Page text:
Egypt 2010: The Other Way to Monitor Elections

Egypt 2010: The Other Way to Monitor Elections

 

The Egyptian government recently issued a series of control measures that serve to further restrict freedoms of expression prior to parliamentary elections in November, reports Asharq Alawsat. The US government has decided not to intervene in the 2010 parliamentary elections, despite playing a monitoring role in the 2005 elections.

According to Asharq Alawsat, one of the measures will cancel the permits of companies providing live broadcast services if they are not correctly licensed.

The government stipulations on renewed media licenses dovetail with another recent measure which some analysts argued was adopted to quell voices of dissent. According to Al-Masry Al-Youm, only organizations licensed with the Supreme Council for Journalism (SCJ) will be permitted to send news updates to mobile phone users via Short Messaging System (SMS) text messages.

Furthermore, the SCJ must review the content of messages before sending to the public. A source at one company that uses SMS updates claimed that this measure was approved to prevent the dissemination of political news in the period leading up to the elections.

Asharq Alawsat also regards the timing of this new ruling as suspicious, indicating that it could be “an attempt by authorities to tighten their grip on information and media commentary as Egypt’s political scene becomes increasingly tense before the parliamentary vote and a presidential election next year.”

In her blog on the Arab media, Courtney Radsch, a senior program officer for Freedom House, notes that the measures signify a “crackdown on independent voices and citizen participation” in the face of upcoming elections.

Radsch also points out that several journalists have lost their jobs, presumably as a result of openly criticizing the government in the press. She cites Ibrahim Eissa, editor of the popular independent daily El-Destor, as well as Alaa El-Aswani, author of the famous novel Yacoubian Building and weekly columnist at El-Shorouk as recent examples of a government crackdown on dissidents within the media.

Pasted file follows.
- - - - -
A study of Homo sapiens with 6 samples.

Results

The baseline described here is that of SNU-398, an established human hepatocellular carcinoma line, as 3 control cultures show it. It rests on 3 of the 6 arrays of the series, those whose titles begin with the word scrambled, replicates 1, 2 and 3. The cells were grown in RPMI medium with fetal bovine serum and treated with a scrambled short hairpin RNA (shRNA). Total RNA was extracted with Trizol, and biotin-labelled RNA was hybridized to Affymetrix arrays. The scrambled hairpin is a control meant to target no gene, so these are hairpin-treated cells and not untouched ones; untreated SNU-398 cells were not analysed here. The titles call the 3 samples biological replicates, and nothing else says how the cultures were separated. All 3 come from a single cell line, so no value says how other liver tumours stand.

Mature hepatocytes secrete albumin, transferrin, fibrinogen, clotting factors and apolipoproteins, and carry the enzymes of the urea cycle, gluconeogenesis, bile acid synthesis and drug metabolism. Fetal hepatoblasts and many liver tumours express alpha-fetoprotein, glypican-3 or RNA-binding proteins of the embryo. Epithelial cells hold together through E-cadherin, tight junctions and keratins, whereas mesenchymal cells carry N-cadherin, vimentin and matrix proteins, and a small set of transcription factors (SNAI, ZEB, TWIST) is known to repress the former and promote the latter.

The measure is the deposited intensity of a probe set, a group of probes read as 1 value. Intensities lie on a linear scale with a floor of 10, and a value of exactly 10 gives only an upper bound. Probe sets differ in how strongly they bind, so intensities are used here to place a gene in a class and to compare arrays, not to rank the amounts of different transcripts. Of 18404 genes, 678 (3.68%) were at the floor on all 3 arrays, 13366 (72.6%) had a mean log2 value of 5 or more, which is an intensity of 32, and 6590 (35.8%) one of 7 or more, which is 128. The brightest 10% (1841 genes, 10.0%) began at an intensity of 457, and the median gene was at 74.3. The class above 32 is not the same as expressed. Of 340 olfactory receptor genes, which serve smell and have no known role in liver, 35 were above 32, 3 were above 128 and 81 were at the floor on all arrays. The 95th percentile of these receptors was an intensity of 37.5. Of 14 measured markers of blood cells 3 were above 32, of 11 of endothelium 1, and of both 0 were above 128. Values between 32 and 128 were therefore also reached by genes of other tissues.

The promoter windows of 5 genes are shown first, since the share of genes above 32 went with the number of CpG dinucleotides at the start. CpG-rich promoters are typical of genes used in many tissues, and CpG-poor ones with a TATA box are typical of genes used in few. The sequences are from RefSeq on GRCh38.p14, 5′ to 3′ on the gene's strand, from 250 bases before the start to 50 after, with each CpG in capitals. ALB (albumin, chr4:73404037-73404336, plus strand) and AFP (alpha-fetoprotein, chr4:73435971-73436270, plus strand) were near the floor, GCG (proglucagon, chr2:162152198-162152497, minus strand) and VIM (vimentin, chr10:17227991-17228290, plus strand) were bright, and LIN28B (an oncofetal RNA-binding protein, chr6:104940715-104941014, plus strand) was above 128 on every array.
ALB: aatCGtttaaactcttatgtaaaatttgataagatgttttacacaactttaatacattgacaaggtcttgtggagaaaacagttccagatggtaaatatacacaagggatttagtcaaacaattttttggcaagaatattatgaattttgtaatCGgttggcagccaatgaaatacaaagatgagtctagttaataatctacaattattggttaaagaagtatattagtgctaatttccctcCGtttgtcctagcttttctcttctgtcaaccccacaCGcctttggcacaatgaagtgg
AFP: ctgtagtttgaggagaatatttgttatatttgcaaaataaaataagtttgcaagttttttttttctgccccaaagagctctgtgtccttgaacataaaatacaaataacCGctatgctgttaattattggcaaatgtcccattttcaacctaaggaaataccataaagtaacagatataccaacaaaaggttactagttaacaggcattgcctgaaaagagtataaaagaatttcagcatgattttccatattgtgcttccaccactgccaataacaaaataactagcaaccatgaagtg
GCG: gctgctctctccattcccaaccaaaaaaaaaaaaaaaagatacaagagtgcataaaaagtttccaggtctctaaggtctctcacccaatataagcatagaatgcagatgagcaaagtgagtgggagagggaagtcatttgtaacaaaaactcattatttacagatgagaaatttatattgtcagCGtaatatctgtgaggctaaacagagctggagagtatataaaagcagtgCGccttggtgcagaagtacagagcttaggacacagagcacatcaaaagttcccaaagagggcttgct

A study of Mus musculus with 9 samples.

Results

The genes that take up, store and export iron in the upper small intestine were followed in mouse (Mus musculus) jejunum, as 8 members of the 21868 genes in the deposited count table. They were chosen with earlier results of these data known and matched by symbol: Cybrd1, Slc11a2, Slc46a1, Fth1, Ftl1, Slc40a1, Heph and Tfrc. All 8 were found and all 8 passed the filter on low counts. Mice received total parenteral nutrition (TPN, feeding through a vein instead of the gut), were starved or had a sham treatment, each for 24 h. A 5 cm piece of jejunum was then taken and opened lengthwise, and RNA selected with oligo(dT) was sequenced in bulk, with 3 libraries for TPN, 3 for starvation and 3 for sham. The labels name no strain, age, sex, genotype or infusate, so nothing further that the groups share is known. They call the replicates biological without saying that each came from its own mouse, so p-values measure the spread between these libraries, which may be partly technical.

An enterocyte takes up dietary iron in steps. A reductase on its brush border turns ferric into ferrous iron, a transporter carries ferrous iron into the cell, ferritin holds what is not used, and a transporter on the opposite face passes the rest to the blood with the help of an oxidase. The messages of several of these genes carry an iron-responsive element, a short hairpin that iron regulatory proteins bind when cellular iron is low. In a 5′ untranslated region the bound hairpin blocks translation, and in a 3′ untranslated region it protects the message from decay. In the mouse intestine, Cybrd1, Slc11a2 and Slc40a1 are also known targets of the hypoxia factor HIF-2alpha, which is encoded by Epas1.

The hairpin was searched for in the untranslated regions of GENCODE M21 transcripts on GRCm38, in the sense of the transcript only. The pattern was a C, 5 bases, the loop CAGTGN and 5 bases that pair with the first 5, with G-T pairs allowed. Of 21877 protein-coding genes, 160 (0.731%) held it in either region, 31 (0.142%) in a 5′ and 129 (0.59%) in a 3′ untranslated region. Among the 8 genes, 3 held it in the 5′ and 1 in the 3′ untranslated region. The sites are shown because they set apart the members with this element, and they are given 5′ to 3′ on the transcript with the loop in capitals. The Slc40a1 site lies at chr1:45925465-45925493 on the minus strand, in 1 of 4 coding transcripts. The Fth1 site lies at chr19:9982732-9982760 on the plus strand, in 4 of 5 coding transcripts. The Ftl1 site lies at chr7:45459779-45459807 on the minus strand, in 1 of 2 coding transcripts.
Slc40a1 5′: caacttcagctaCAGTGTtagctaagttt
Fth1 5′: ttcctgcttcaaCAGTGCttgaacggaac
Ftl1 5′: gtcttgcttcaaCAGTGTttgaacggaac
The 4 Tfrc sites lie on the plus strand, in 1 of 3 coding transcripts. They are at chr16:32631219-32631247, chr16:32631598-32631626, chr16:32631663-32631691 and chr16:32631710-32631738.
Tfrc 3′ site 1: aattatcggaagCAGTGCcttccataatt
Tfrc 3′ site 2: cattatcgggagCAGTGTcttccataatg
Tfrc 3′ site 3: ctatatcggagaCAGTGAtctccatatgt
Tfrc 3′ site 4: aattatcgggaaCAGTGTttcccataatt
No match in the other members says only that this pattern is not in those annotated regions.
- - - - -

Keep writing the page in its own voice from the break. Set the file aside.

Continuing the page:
The Muslim Brotherhood also appears to be a target of government scrutiny. Agence France-Presse reports that the Islamist group accused the government of an unfair crackdown in the lead-up to elections, citing the arrest of at least 28 members in recent days. According to the AFP, the group’s members have been repeatedly charged for “money laundering and forming terrorist cells.”  The Muslim Brotherhood vehemently denies the charges.

Egypt’s last parliamentary elections took place in 2005. Although the US government played a role in monitoring the 2005 elections, it has no plans to do so this time around. According to Al-Ahram, James Beaver, the director of the United States Agency for International Development (USAID), announced that the “U.S. government will not pay for foreign election monitors for the upcoming elections.” The US government, Beaver said, does not want to put undue pressure on the Egypt, a key US ally in the Middle East.

However, Michelle Dunne of the Carnegie Endowment of International Peace suggested in a recent interview that the US government should find a means of balancing security concerns with a consideration for human rights violations. “The United States needs to find a way to show it still wants to work with the Egyptian government on the issues the two have always cooperated on—regional peace, stability, military issues, and counterterrorism,” she said, adding, “but Washington also needs to clearly support Egyptian demands for improved human rights and greater political freedom.”